South Africa sets 5 years to stem military decline
Continental military power South Africa committed Wednesday to save its armed forces from meltdown within five years, amid budget constraints and increasing involvement in peacekeeping missions around Africa.
A review earlier this year found the South African Defence Force (SANDF) was in a “critical state of decline” after two decades of underfunding.
“We do not have a choice, but to respond with urgency to put plans to arrest the decline within the current five years, starting immediately during this financial year,” said Defence Minister Nosiviwe Mapisa-Nqakula on Wednesday.
“Although the SANDF is still able to maintain operational presence, if we do not start now, the decline will get worse,” she told parliament in her budget speech.
The ministry projects a $4 billion (3 billion euro) budget for the year, or 1.3 percent of the 2013 GDP — far below the 2.0 percent of GDP the minister said in April would be necessary to fix the military.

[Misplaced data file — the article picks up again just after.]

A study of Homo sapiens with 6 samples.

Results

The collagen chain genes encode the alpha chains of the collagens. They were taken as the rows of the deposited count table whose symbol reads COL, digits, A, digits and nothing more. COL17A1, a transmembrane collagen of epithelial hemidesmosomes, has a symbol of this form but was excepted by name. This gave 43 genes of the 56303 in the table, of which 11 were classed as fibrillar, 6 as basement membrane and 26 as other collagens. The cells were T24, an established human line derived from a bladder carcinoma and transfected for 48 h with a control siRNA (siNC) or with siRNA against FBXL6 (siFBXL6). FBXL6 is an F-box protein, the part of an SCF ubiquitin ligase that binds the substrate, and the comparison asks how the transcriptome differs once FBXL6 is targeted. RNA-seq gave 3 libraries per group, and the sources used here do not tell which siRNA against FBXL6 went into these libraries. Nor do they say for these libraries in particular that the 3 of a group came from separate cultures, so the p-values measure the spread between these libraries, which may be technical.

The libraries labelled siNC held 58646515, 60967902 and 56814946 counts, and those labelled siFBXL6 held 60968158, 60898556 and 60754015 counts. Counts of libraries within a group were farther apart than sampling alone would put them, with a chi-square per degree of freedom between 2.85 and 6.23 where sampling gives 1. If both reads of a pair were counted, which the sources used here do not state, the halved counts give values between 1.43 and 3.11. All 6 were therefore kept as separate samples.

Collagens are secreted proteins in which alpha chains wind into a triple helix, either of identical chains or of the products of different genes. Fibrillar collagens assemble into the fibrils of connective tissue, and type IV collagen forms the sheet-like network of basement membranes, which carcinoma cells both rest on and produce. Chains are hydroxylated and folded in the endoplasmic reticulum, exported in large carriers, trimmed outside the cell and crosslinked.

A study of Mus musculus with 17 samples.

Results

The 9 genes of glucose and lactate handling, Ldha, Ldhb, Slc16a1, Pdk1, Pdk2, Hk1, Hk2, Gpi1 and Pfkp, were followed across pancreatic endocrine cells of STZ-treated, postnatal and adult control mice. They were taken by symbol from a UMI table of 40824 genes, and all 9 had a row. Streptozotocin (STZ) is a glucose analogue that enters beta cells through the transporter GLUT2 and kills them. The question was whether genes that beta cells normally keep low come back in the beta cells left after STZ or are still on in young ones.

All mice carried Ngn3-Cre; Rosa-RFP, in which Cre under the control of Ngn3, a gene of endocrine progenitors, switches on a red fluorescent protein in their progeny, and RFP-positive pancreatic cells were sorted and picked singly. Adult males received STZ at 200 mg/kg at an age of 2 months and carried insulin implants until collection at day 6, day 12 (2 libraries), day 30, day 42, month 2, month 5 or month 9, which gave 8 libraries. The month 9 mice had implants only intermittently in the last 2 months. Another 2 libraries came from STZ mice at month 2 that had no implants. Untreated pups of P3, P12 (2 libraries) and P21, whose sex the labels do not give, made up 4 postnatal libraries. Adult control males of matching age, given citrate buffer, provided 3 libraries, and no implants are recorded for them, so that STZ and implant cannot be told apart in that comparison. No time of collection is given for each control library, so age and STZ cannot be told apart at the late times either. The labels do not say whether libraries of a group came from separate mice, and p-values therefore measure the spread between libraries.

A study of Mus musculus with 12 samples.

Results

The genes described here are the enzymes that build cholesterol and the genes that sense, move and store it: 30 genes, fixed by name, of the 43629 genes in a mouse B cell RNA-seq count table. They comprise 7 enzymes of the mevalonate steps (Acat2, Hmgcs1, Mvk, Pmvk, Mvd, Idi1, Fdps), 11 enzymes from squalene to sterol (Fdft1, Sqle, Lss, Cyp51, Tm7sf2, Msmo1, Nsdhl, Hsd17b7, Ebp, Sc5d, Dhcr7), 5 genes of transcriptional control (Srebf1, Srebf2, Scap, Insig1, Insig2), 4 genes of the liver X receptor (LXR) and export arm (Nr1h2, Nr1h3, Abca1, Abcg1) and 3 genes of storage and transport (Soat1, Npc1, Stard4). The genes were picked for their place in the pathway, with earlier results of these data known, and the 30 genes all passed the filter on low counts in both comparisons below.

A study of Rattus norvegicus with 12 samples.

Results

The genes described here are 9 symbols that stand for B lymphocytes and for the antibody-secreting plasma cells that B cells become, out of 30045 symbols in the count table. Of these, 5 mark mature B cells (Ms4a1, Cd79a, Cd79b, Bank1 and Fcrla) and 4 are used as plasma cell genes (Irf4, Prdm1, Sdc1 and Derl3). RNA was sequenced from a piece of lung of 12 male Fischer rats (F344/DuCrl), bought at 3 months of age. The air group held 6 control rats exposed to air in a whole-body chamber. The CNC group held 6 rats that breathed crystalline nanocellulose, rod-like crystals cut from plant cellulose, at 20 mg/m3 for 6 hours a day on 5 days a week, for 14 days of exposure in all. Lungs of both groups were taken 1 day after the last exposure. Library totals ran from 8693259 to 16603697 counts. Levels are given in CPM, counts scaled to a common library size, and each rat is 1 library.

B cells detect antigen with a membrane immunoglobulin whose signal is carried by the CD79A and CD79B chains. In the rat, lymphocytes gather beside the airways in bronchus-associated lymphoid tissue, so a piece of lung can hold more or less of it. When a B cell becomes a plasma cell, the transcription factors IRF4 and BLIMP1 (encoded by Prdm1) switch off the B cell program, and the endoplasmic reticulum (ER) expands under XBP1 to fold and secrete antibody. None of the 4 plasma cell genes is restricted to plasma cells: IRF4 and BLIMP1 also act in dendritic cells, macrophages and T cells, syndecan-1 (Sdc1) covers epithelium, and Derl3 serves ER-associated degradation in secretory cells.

“Our mandate in the next five years is to act fast to restore the minimum capabilities required to safeguard South Africa, protect its maritime resources and trade routes, conduct peace missions and humanitarian interventions,” said Mapisa-Nqakula.
South Africa’s once feared and respected defence force has been hit by budget cuts and much of its equipment is no longer fit for purpose. The 100,000-strong force is also bleeding skilled personnel.
As one of Africa’s military powerhouses, South Africa has deployed troops to peacekeeping operations in the Democratic Republic of Congo and Sudan’s Darfur.
It previously sent troops to Burundi, Lesotho and the Central African Republic. Its navy has also recently begun patrolling the coast of neighbouring Mozambique to ward off pirates.